The FBI and the Department of Homeland Security issued a code amber warning, the second-highest threat level, discussing the hackers targeting a number of companies that run energy facilities, including nuclear power facilities.

It’s not known whether the hackers were attempting to steal industrial secrets or if they’re trying to cause damage to the systems or the plants themselves, but a representative at Wolf Creek Nuclear Operating Corporation, a company named in the report, said that the only systems impacted were on the administrative and business side. There was, said the representative, no public safety threat.

While the exact source of the hack is not known, the report’s language seems to point to a group backed by some foreign government or another. Sources familiar with the hack say that the processes used to infiltrate Wolf Creek were similar to a Russian hacking group known as Energetic Bear, which has been cyberattacking the energy sector for several years now.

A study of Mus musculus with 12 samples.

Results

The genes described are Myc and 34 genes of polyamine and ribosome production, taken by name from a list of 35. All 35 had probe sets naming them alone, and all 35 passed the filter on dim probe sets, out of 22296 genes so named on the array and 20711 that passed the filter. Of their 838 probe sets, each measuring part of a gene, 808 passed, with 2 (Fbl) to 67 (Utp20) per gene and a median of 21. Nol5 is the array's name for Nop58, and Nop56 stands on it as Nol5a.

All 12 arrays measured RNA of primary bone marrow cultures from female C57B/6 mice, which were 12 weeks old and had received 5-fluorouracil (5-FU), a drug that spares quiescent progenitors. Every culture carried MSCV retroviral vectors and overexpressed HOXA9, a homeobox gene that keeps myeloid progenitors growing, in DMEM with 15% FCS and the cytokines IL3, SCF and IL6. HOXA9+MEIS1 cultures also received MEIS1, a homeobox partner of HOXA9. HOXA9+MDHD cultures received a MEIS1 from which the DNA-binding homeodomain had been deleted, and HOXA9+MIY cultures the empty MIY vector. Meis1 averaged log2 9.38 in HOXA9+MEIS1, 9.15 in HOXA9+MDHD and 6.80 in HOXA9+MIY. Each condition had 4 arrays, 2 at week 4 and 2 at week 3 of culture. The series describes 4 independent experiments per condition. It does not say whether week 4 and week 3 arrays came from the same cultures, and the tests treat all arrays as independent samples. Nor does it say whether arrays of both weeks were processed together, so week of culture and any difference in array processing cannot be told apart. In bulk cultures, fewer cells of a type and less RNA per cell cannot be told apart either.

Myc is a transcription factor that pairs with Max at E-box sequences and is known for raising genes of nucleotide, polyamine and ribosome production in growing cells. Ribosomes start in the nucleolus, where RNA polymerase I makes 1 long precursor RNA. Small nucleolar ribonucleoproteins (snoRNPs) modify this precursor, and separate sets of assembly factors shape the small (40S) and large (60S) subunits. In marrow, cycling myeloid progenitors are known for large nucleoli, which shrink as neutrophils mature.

The techniques used involve sending code-laced fake resumes in Microsoft Word documents and hacking websites known to be visited by the targets or redirecting¬†traffic from legit websites to fake ones that then infect the visitor’s computer.

The biggest fear is that a hacker would be able to take over SCADA, which stands for Supervisory Control and Data Acquisition. SCADA is used by operators to control and diagnose the operations of the plant, such as flow rates and pressure. Taking over SCADA could allow a hacker to do physical damage to a plant, and when a nuclear power plant suffers damage, very bad things can happen.